Palm Beach Strategic Forum aims to be mini-Davos, with high-powered leaders on roster
By DIAN VUJOVICH
SPECIAL TO THE DAILY NEWS
If you didn't make it to Davos in late January to slog through the snow and rub shoulders with dozens of the world's brightest and smartest leaders, economists, politicians and business people not to worry. Palm Beach is on its way to creating its own mini-Davos, sans the snow, of course.
On April 16 and 17, the International Economic Forum of the Americas will present its second Palm Beach Strategic Forum at the Palm Beach County Convention Center. The theme of the two-day event will be "Competing in a World of Emerged Economics."
Some history: First, the International Economic Forum of the Americas, with offices in Palm Beach Gardens, is not the same organization that created the Davos event in Switzerland. Credit there belongs to the World Economic Forum.
That said, as is the World Economic Forum, the International Economic Forum of the Americas also is a nonprofit organization with its roots in academia. The former was the idea of professor Klaus Schwab of the University of Geneva and the program began in 1971. The latter, the brainchild of Gil Remillard, chairman of the Palm Beach Strategic Forum. Prior to his professorship at ENAP Montreal, he was the justice minister in the Quebec government from 1985-94. In 1995, Remillard introduced the first of what turned into the United States-based group, the International Economic Forum of the Americas programs.
"The first one was a learning program and speakers at it included Jeffrey Sachs and Paul Volcker," said Nicholas Remillard, president and CEO of the Palm Beach Strategic Forum.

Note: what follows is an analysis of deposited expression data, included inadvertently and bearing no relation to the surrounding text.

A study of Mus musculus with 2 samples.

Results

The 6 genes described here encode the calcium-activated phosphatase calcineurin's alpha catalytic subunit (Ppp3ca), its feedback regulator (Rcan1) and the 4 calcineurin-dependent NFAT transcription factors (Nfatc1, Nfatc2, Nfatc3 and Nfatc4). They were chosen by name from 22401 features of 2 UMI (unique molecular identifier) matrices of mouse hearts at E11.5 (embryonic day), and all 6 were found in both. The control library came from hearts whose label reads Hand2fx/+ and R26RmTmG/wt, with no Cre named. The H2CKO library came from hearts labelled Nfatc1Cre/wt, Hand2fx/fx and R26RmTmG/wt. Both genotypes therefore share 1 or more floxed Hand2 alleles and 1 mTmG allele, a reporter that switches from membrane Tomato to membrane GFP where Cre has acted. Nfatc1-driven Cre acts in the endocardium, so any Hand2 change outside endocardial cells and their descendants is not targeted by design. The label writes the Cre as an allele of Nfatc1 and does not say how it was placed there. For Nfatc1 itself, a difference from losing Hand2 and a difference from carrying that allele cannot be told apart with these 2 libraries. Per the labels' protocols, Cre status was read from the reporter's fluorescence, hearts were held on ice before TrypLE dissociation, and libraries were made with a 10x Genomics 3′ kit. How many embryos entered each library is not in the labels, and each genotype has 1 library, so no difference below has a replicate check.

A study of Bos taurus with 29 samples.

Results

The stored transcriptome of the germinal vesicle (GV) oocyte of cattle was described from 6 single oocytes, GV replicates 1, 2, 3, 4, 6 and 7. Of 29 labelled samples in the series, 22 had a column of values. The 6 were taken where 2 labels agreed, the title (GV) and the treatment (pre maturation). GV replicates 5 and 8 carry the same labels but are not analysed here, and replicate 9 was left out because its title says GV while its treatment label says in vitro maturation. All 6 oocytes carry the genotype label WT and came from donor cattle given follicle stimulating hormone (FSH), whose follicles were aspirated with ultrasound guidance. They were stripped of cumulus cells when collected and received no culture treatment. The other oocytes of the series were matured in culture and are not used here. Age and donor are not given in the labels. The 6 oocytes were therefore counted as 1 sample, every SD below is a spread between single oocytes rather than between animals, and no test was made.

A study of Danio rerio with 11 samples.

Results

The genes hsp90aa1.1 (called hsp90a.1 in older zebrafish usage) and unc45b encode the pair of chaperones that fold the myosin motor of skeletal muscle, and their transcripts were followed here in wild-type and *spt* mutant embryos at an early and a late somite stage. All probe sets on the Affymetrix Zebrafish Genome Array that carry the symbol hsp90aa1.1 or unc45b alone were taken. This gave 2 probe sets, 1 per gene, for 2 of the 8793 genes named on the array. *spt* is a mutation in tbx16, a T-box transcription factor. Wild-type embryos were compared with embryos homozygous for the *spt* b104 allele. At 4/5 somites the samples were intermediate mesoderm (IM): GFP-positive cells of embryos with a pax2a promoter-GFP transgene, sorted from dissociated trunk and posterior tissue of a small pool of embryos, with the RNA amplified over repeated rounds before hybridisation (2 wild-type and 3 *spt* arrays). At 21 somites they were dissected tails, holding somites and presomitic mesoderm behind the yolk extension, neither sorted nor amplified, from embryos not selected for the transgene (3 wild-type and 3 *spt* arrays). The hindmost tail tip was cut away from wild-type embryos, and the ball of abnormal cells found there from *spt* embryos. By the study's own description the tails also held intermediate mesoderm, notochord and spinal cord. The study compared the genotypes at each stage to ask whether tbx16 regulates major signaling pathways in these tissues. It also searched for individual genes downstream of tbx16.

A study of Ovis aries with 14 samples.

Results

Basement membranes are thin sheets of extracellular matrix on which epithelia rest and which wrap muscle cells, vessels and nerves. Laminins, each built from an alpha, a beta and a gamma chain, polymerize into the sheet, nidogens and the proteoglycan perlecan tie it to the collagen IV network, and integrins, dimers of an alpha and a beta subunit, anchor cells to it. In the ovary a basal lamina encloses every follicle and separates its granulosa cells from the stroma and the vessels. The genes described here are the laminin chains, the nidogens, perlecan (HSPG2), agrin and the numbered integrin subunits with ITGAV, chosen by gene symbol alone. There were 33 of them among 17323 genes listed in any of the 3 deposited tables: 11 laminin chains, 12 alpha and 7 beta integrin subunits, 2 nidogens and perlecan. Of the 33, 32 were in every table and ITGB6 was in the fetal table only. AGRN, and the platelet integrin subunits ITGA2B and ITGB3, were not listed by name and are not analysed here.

He said the program was initially intended to be a one-time event but was so successful that it grew quickly. Today the International Economic Forum of the Americas presents three economic forums each year: One in Montreal, another in Toronto and the third in Palm Beach County. (The local program is, and will remain, the only one held in the United States, he said.)
With an eye toward tomorrow and worldwide business opportunities, Nicholas Remillard told the Palm Beach Business Group's lunch meeting Thursday that more than 15 countries would be represented at the April forum, along with more than 70 speakers.
That means those attending the Palm Beach Strategic Forum will be able to learn, listen, ask questions of and hob-knob with dozens of recognized high-powered corporate CEOs, renowned economists and government ministers from around the globe.
There will be representatives, for instance, from Asia, Africa, Latin America and the Middle East. Some of the more than 70 speakers on the roster include John F. Barrett, chairman and CEO of Western & Southern Financial Group; Maro Bergara, governor, Central Bank of Uruguay; Charles Zachaire Bowao, minister at the presidency in charge of National Defense, Republic of Congo; and Shaukat Aziz, former primer minister of Pakistan.
Florida Gov. Rick Scott will be the luncheon's keynote speaker April 16.
As at Davos, the networking opportunities will be unique.
"It's about networking, who you are sitting beside and having access to the best information available," Remillard said.
Jeff Greene, a Palm Beach resident and real estate investor, has attended the last two Davos conferences. "For someone like me who is very involved in investments, philanthropies and politics, and is very concerned about the direction of our country and where our world is heading, it is a great opportunity to spend time with those who are intimate in policy shaping of our future," he said.
The goal behind the upcoming Palm Beach Strategic Forum event is to provide that same kind of information-gathering opportunity.